Chapter 1. Introduction
Health care has become one of the largest expenditures for corrections programs nationwide. In 2005, the US correctional enterprise spent approximately $3.1 billion on providing health care to the incarcerated population, an amount growing annually at the rate of 10%.2 Similarly, in 2004, the US spent $1.9 trillion on health care, an annual increase of 7.9%, representing 16% of the national GDP.3 This alarmingly fast increase in health care spending has prompted the correctional community and the health care community in general to look for new models and strategies for managing the health care environment. Health Information Technology (HIT), and more specifically an Electronic Health Record (EHR), is seen by many as the ultimate tool for improving the quality of health care delivery, lowering health care costs, and providing better information to patients and physicians. According to many, a nationwide EHR system has the potential to revolutionize the delivery of care to an increasingly mobile population and significantly reduce medical errors stemming from lack of access to complete medical records, ineligible handwriting, and discontinuance of care.
Unfortunately, the complexity associated with the transition from a paper to an electronic record, whether in civilian or custodian setting, is consistently underestimated. The complexity of this transition stems from the centrality of record creation and the management and use processes in the day-to-day activities of professionals involved in the delivery of health care. In the correctional setting these complexities are significantly compounded. The particular characteristics of the environment make an already complicated effort even more difficult. In any organization, the design of a new record format is relatively easy compared to the effort associated with changing organizational procedures and practices as necessitated by adoption of an EHR. Inserting an EHR system into the day to day activities of doctors, nurses, and medical records professionals will require them to work differently. In this case, so too will corrections officers, prison superintendents, regional medical directors, prison reception center staff, and parole officers, to name just a few.
Although there is a wealth of information about the impact of EHR systems generally, information about the impact in a custodial setting has not been studied in any systematic way. Nevertheless, EHR systems are expected to provide valuable benefits in the correctional setting, ranging from restraining growing health care costs1, to improving public safety by eliminating travel by inmates to specialty care appointments, to improving quality of care for inmates by offering easy and timely access to a high-quality medical record.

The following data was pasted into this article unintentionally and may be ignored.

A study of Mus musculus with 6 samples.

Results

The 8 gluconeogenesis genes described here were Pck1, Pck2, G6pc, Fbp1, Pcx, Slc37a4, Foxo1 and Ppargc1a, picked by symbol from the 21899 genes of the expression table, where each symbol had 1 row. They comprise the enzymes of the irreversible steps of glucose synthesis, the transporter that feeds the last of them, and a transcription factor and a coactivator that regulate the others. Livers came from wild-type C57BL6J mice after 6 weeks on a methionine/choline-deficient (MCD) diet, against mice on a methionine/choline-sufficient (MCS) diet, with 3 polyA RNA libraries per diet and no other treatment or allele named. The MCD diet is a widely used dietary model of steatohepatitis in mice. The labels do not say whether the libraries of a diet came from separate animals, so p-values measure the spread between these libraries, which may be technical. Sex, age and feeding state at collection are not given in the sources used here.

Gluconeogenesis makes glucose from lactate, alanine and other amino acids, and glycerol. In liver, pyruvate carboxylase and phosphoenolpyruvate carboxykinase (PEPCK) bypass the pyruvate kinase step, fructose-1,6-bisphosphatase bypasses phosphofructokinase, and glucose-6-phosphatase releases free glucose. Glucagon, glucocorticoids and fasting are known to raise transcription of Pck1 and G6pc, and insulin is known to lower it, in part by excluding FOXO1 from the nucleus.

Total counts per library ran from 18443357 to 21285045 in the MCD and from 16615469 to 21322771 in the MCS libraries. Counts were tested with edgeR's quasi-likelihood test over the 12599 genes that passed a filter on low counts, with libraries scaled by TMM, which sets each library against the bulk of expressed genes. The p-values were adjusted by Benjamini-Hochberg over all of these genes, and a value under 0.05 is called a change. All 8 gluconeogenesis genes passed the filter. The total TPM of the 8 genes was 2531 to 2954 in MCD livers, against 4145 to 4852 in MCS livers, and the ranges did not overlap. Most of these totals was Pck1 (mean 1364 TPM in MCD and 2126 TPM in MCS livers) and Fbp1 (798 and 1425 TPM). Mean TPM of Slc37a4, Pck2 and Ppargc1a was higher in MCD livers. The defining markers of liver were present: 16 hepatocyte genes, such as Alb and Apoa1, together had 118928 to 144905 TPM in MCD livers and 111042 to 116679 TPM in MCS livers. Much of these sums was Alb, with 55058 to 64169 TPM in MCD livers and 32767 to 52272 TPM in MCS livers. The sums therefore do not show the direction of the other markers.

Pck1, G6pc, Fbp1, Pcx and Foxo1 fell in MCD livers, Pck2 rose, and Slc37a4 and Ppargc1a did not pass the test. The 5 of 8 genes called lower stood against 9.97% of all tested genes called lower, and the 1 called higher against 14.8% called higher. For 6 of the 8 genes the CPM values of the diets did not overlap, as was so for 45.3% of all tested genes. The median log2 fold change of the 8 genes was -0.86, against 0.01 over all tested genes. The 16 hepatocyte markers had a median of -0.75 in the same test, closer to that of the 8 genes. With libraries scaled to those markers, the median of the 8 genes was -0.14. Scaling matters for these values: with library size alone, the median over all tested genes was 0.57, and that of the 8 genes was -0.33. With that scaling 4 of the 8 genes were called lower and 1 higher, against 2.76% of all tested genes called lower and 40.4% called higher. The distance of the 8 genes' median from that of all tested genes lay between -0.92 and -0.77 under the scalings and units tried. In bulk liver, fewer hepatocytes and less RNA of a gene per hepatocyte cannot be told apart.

This document reports on a project conducted on behalf of the New York State Department of Correctional Services (NYS DOCS) to explore the likely benefits and associated costs of an EHR
2 Perez, Arturo, 2005. “States Wrangle With Corrections Budgets”, State Legislatures, May 2005.
3 2004 National Health Expenditure Data. Center for Medicaid and Medicare Services.
The New York State Department of
Correctional Services (DOCS) has 70 facilities and approximately 63,000 inmates. It is the fifth largest correctional department in the country with only the federal prison system, Texas, California, and Florida exceeding it in size and complexity.
for NYS DOCS. The project, A cost benefit analysis of an electronic health record for NYS DOCS, was initiated in the summer of 2005 by the former New York State Department of Correctional Services Commissioner, Glenn Goord.
The project was carried out in three overlapping phases. Phase one involved research on the EHR landscape in the United States generally and within the context of the correctional community, as well as research on the commonly agreed upon costs and benefits associated with EHR adoption and use (see Appendix A for Literature Review). Phase two focused on the development of a comprehensive description of the medical services environment in NYS DOCS. This included the identification and high-level modeling of key business processes associated with medical care in NYS correctional facilities and the primary stakeholders in these processes. The project also included an analysis of the various aspects of the medical record itself and related policies and management issues such as HIPAA and enterprisewide data standards. Phase three focused on a more detailed analysis of the policy, management, and technology issues related to the adoption of an EHR within NYS DOCS. Phase three was comprised of interviews with staff from a number of medical services units throughout the state. The challenges facing medical services unit staff as they deliver medical services to inmates and their perspectives on the costs and benefits related to the adoption and use of an electronic medical record were explored during these interviews (see Appendix B for project methodology and interview questions).
Chapter two introduces the definitional issues associated with an EHR and provides some information about current practices in health information technologies and EHR in particular. Chapter three outlines the source of many of the environmental and organizational challenges facing NYS DOCS in the transition to an EHR. The benefits of an EHR both generally and in a correctional context are introduced in chapter four together with barriers to implementation at NYS DOCS found in the environmental analysis. Finally, chapter five provides a set of recommendations designed to assist NYS DOCS in their efforts to fully realize the benefits of an EHR as well as a brief discussion of related cost estimation issues.